Author: Ruta Sepetys
Release date: February 12th 2013
Genre: Historical Young Adult
Josie is caught between the dream of an elite college and a clandestine underworld. New Orleans lures her in her quest for truth, dangling temptation at every turn, and escalating to the ultimate test.
After Ruta Sepetys's debut novel, Between Shades of Grey, I was expecting another heartbreakingly tragic story. Out of the Easy is definitely tragic in some ways, but this tragedy, much more than in Between Shades of Grey, is balanced out by humorous moments that made me laugh and a sense of hope that prevails throughout the story. But being less depressing doesn't make Out of the Easy any less powerful than Between Shades of Grey - Out of the Easy is a another inspiring and unforgettable read from Ruta Sepetys.
The worldbuilding is what I loved most about Out of the Easy. I don't read too much historical fiction, but this novel made me question why. The atmosphere of New Orleans in 1950 really comes across in this novel; it is vibrant and vivid, and I felt like I was there alongside Josie. There is drama, there is intrigue, and there are terrible things happening at the same time as Josie is just trying to figure out where she belongs. I absolutely loved this unique and vivid setting.
This setting is made even better by the rich cast of characters. Josie is a character that is easy to connect to, and I felt for her throughout the novel. My favorite character is probably Willie; she's an amazing woman, and I love the role she plays in Josie's life. The rest of the women working at the brothel are fascinating to read about, too, and I love how they're portrayed as real people with diverse backgrounds and personalities. Then there's Patrick and Jesse, both of whom I loved; but even more so, I loved how they - and their relationships with Josie - never take center stage. Even though I really liked reading about Josie's interactions with both of them, I appreciated that Ruta Sepetys did not turn this into the typical love triangle and instead focused simply on Josie's story.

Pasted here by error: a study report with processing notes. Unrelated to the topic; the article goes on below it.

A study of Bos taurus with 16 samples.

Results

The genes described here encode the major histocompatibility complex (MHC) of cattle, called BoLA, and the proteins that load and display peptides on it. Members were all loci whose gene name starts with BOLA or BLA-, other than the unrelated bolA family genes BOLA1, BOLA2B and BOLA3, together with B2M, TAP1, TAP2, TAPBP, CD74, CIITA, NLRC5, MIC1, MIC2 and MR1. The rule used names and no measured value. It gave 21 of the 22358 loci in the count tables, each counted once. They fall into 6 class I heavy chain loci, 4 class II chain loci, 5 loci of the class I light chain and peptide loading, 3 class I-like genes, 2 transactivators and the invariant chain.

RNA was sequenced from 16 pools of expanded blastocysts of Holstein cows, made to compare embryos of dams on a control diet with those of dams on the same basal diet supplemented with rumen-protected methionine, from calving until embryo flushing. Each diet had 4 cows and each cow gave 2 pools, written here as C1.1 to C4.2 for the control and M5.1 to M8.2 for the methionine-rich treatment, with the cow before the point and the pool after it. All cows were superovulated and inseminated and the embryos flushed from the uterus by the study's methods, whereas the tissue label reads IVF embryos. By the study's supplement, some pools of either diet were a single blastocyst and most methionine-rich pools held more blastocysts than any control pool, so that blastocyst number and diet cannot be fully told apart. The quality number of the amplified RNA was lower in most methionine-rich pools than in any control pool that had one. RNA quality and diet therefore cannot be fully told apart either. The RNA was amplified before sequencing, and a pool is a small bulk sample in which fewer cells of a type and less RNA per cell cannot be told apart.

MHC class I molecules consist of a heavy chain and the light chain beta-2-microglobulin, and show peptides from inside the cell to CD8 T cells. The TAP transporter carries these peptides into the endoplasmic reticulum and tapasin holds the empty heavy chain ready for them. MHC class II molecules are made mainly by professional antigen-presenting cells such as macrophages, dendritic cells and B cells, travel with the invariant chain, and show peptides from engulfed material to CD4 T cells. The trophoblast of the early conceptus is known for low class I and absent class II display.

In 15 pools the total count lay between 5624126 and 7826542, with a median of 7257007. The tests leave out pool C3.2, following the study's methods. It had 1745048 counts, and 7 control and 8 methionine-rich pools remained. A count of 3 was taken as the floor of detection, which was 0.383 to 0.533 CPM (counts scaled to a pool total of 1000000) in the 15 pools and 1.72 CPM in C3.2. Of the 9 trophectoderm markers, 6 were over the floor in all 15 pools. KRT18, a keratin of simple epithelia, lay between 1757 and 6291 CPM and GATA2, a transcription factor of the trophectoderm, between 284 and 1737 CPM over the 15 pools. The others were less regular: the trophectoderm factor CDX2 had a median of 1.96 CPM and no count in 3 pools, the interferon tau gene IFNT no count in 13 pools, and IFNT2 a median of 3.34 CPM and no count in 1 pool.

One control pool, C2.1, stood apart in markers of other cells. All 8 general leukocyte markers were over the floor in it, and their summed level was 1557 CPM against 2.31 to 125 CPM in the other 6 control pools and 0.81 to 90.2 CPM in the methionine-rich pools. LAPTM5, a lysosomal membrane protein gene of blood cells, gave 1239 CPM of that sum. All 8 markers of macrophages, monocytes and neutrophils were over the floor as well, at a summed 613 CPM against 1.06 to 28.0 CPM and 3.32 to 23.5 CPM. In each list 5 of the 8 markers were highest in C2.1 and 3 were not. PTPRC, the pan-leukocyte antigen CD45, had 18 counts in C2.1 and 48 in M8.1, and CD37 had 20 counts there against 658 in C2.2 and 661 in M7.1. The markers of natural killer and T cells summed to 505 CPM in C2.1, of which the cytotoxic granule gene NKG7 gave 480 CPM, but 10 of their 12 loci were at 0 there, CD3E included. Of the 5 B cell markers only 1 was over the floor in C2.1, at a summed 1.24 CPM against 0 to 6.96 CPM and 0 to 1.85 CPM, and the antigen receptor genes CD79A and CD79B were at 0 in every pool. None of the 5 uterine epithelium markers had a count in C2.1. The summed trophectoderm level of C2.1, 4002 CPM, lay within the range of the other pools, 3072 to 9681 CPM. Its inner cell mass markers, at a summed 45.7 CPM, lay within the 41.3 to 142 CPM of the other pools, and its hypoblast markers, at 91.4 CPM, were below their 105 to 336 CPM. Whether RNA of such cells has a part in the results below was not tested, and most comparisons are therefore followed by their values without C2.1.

The only thing that sort of bothered me about Out of the Easy was the message about prostitution that readers can take from this. I'm conflicted on what to make of it: on the one hand, I appreciate how Ruta Sepetys portrayed the prostitutes (other than Josie's mother) as good-hearted people, and Josie never judges them for what they do. On the other hand, the entire story revolves around Josie trying to not get hung up in such a life of prostitution, which refutes that message. If the story is trying to fight against the stigma of prostitution, and the only way for Josie to do this is to distance herself from that lifestyle, then I don't think it's really fighting the stigma at all. I don't really know how to feel about that: of course I wanted Josie to live her dream of going to college, too, which makes it impossible for the story not to send a message like that, but it still didn't sit right with me.
Despite this one issue with the novel's message, I absolutely loved this story. With a vivid atmosphere and a rich, dynamic cast of characters, Out of the Easy presents the hardships of Josie's life without ever losing its sense of humor or hopeful message. Out of the Easy is a must-read.